Lan Samantha Chang's fourth book is a playful literary romp with a serious heart. Ostensibly it's a murder mystery, a whodunit with a large cast of possible suspects, but it's also an exploration of genre, of literary types and stereotypes, and the impact of these types on the hopes and dreams of its characters.

The first half of the novel sets up the motivations for murder by establishing how obnoxious patriarch Leo Chao is. Soon-to-be victim Leo is a successful immigrant, supposedly living his American Dream, owner and chef of the family business, a Chinese restaurant in the small town of Haven, Wis. However, Leo is also overbearing and mean-spirited, a cruel bully to his long-suffering wife, Winnie, and to his three sons. He's a man so grotesque that he even cracks crude jokes about menopause and a woman's worth at a Christmas party while Winnie is in the hospital.

Practically everyone who knows Leo might have a reason to kill him — from eldest son William "Dagou" Chao who feels his father has disinherited him to middle son Ming whose internalized self-loathing may have sprung from a desire to be as unlike his father as possible; to long-suffering restaurant employee O-lan; to rival restaurateurs in town, the Skaer family.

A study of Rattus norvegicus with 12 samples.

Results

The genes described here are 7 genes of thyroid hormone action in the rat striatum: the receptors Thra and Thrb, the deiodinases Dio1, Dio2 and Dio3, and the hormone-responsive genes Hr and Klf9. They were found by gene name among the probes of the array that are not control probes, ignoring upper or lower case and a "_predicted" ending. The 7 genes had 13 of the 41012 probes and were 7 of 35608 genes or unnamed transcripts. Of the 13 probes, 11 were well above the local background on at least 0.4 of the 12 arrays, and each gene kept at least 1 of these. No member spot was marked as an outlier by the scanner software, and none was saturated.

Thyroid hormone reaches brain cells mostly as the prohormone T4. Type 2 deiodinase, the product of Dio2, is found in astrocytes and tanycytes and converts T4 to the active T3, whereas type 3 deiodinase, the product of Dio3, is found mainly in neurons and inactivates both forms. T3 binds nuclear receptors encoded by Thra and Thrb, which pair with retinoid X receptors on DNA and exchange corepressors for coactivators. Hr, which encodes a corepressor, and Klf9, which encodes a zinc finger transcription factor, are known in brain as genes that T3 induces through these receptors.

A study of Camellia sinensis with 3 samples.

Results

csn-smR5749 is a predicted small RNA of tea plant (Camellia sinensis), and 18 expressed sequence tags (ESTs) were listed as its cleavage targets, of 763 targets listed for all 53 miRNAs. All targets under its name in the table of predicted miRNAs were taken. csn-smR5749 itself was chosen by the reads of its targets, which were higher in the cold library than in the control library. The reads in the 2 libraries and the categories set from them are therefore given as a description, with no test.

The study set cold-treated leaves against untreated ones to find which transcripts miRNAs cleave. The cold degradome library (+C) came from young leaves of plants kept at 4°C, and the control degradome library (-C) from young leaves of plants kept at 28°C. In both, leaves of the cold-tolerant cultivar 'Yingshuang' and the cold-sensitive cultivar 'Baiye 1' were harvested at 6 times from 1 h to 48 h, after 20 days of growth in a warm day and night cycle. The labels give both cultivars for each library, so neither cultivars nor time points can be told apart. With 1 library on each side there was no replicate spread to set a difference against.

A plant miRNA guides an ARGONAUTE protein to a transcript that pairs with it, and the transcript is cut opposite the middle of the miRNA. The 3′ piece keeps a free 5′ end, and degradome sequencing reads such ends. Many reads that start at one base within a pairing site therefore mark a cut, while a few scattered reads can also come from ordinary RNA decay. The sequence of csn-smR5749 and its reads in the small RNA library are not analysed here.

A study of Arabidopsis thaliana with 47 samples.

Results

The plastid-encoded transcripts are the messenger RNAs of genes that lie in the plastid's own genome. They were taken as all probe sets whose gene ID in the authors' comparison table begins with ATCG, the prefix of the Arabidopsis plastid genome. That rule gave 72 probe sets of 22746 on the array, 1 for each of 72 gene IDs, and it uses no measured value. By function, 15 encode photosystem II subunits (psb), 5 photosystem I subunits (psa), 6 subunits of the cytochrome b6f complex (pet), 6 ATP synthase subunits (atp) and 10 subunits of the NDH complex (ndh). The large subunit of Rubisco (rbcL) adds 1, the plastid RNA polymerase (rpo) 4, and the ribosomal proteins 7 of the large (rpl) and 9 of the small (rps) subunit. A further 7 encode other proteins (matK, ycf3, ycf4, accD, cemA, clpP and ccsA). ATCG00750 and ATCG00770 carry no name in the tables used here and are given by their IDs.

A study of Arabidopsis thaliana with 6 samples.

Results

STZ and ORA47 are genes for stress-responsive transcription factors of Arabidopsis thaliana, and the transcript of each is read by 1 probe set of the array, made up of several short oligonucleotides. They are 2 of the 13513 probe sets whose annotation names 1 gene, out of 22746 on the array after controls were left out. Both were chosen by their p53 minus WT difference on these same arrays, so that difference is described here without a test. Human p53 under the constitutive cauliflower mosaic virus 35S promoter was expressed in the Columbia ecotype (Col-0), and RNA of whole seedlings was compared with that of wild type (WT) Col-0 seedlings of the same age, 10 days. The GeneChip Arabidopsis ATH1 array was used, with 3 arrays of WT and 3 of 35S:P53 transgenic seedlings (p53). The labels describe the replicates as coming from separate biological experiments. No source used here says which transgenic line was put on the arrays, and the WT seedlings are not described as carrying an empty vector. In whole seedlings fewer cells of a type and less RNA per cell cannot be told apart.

The second half of the novel is where the action soars, as Chang fast-forwards to the murder trial of the eldest son. As family and friends try to figure out who might really have killed Leo and why, the plot twists abound: there's a stolen ring, a fiancée spurned, people with long-held secrets, a hallucinated ghost, a kidnapped dog and a missing carpetbag filled with $50,000.

As Chang's narrative grows more operatic and subversive, her characters marvel at the time-worn narrative put forward by the prosecuting attorney:

"[Leo's] the quintessential Asian American, the model minority: humble, diligent, hardly a person. ... According to the prosecution, Big Chao's son William, a.k.a. Dagou, is not like him. William is a bad minority ... lazy and ungrateful, dishonest, a thief, and sexually enamored of a woman not appropriate for him, a white woman."

"The Family Chao" shows that no immigrant story is ever that simple, but the ease with which this stereotype can be embraced is criminal indeed.

Chang is the director of the Iowa Writers Workshop as well as recipient of fellowships from the National Endowment for the Arts and John Simon Guggenheim Foundation.

May-lee Chai is the American Book Award-winning author of 11 books, including her latest collection of short stories, "Tomorrow in Shanghai," forthcoming in August. She teaches in the creative writing program at San Francisco State University.

The Family Chao
By: Lan Samantha Chang.
Publisher: W.W. Norton, 328 pages, $28.